Valeant Pharmaceuticals International announced on Sunday it had agreed to purchase Salix Pharmaceuticals in an all-cash deal valuing the gastrointestinal drug maker at $10.1 billion.
The Canadian company said it would buy each share of Salix for $158, slightly above the Raleigh, North Carolina-based companys closing price on Friday of $157.85. However, the stock gained nearly 5% during the last session on speculations of a possible deal. Overall the transaction is valued at $14.5 billion, including debt and free cash.
The acquisition of Salix marks the biggest purchase ever for Valeant and follows last years failed hostile takeover of Botox maker Allergan.
The purchase of Salix, which is well-known for its Xifaxan, Uceris and Relistor brands, and its total of 22 product is expected to bring more than $500 million in annual cost savings within six months of closing, the company said in a statement.
The deal also marks another step for Valeants long-standing practice to expand through acquisitions and reduce costs to generate more profit. One of Valeants advantages is its low tax rate of only 5%, in comparison to the 29% effective tax rate that Salix paid in the fourth quarter of 2014.
Valeant moved its headquarters to Canada following its acquisition of pharmaceutical company Biovail in 2010, before the US government crippled the benefits of the so-called “tax inversion” deals.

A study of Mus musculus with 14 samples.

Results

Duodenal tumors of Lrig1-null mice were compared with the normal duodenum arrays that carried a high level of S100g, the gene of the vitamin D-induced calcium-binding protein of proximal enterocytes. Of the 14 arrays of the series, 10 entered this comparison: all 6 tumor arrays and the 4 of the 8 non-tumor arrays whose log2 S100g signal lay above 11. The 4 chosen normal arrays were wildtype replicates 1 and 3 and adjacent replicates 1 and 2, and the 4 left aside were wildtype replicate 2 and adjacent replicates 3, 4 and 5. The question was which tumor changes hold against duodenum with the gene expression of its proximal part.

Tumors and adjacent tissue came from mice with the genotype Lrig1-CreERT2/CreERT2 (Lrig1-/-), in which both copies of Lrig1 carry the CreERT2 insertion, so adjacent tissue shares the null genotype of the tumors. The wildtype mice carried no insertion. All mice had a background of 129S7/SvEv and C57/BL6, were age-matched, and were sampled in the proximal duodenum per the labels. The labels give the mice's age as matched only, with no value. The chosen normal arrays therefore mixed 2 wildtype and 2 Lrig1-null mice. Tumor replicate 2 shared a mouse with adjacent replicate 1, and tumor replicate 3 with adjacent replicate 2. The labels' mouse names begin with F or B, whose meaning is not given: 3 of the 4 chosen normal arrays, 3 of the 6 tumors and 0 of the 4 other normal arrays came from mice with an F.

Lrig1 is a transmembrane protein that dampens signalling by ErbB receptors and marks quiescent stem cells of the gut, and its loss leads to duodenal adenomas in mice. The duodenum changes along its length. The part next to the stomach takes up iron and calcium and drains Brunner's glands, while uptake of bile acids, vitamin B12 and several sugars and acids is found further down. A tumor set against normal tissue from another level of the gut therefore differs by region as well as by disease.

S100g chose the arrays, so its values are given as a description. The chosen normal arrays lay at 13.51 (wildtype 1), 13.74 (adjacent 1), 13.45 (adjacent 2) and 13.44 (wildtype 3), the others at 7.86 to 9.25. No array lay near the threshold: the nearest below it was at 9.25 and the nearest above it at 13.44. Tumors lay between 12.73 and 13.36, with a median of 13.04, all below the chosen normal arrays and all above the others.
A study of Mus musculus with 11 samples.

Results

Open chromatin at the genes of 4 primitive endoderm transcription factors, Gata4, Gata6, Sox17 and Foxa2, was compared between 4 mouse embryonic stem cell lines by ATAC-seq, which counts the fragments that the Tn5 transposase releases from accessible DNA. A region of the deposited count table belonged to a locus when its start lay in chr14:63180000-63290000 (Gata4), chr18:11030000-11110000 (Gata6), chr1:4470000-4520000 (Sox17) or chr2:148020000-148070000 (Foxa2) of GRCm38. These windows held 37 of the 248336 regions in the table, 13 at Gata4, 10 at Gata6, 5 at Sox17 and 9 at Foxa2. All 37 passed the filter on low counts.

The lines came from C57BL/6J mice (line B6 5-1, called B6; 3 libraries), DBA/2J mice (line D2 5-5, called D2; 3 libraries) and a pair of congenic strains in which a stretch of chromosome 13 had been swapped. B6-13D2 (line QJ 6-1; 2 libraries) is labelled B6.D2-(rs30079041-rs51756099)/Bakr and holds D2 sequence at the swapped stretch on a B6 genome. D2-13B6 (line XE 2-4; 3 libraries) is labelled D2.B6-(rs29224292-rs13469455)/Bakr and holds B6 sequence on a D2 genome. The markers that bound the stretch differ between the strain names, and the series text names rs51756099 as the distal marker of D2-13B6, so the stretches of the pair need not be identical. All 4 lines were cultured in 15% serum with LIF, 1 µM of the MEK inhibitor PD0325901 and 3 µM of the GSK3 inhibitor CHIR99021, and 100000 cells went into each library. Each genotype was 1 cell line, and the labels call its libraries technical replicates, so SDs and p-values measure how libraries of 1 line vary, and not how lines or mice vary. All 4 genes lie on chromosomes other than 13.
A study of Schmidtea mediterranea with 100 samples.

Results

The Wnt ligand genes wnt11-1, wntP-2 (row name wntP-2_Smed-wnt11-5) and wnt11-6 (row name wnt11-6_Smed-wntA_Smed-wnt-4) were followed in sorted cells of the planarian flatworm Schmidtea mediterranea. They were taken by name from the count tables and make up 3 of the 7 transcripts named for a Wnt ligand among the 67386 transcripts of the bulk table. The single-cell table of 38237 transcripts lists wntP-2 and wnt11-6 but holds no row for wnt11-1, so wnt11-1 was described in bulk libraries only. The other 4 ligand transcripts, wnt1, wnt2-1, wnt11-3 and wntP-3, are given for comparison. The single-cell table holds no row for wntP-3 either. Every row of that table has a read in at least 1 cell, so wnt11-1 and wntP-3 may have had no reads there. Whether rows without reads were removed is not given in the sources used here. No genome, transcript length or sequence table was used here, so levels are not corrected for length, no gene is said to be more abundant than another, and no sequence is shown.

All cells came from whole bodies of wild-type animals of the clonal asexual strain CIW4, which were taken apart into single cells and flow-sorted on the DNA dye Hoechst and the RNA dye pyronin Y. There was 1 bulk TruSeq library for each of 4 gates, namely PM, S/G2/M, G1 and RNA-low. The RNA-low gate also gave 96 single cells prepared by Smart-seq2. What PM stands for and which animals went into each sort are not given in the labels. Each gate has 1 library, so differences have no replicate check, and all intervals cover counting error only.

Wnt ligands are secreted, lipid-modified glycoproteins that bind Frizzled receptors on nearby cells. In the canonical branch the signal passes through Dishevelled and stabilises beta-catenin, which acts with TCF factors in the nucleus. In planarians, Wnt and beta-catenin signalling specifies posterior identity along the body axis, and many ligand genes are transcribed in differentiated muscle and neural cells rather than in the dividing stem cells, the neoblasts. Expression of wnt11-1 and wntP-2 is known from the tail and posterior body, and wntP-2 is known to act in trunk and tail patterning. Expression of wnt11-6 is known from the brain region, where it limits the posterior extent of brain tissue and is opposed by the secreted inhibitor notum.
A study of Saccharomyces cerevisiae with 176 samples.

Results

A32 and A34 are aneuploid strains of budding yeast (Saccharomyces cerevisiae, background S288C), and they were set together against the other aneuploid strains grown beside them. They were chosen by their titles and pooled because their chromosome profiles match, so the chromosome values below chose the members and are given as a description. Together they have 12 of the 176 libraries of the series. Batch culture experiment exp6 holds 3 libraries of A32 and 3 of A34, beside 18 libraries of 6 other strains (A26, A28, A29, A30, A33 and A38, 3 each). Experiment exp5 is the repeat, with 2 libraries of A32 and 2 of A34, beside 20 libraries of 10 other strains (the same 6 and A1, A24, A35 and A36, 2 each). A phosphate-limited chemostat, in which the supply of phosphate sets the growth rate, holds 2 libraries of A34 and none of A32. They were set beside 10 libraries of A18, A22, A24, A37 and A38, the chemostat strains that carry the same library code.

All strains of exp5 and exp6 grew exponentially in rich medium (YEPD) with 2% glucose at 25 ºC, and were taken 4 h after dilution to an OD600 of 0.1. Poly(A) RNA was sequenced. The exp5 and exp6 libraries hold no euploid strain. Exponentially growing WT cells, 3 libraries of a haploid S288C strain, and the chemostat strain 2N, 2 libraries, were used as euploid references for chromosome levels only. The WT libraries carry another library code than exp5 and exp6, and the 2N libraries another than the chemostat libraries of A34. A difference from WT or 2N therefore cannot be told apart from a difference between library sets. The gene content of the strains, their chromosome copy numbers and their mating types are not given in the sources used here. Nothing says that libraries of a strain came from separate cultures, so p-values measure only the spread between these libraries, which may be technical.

According to people familiar with the matter Valeant, alongside Shire, Endo, Mylan and Takeda, was approached by Salixs bankers about a possible deal late last year.
Valeant said it will fund the deal by a combination of bonds and bank debt, provided by Deutsche Bank, HSBC and three other lenders.
The company projected that the Salix takeover will contribute a modest amount to 2015 per-share earnings, but projected more than 20% contribution next year.
However, the company warned that its estimated 2015 revenue will be reduced by more than $500 million due to Salixs excessive inventory. In November the company reported it had five to nine months of inventory for its top four product, however, Valeant aims to lower that figure to two months of supplies by the end of this year.
“This acquisition offers a compelling opportunity for Valeant to create a strong platform for growth and business development,” said Chief Executive Michael Pearson.
In a separate statement Valeant said it had reached a revenue of $8.3 billion during the past year, or 43% up compared to 2013. Net income for the period came in at $913.5 million, or $2.72 per share, compared to a loss of $866 million for the prior year.
Valeant gained 2.86% on Friday and closed at C$217.41, marking a one-year increase of 32.41%. The company is valued at C$72.70 billion.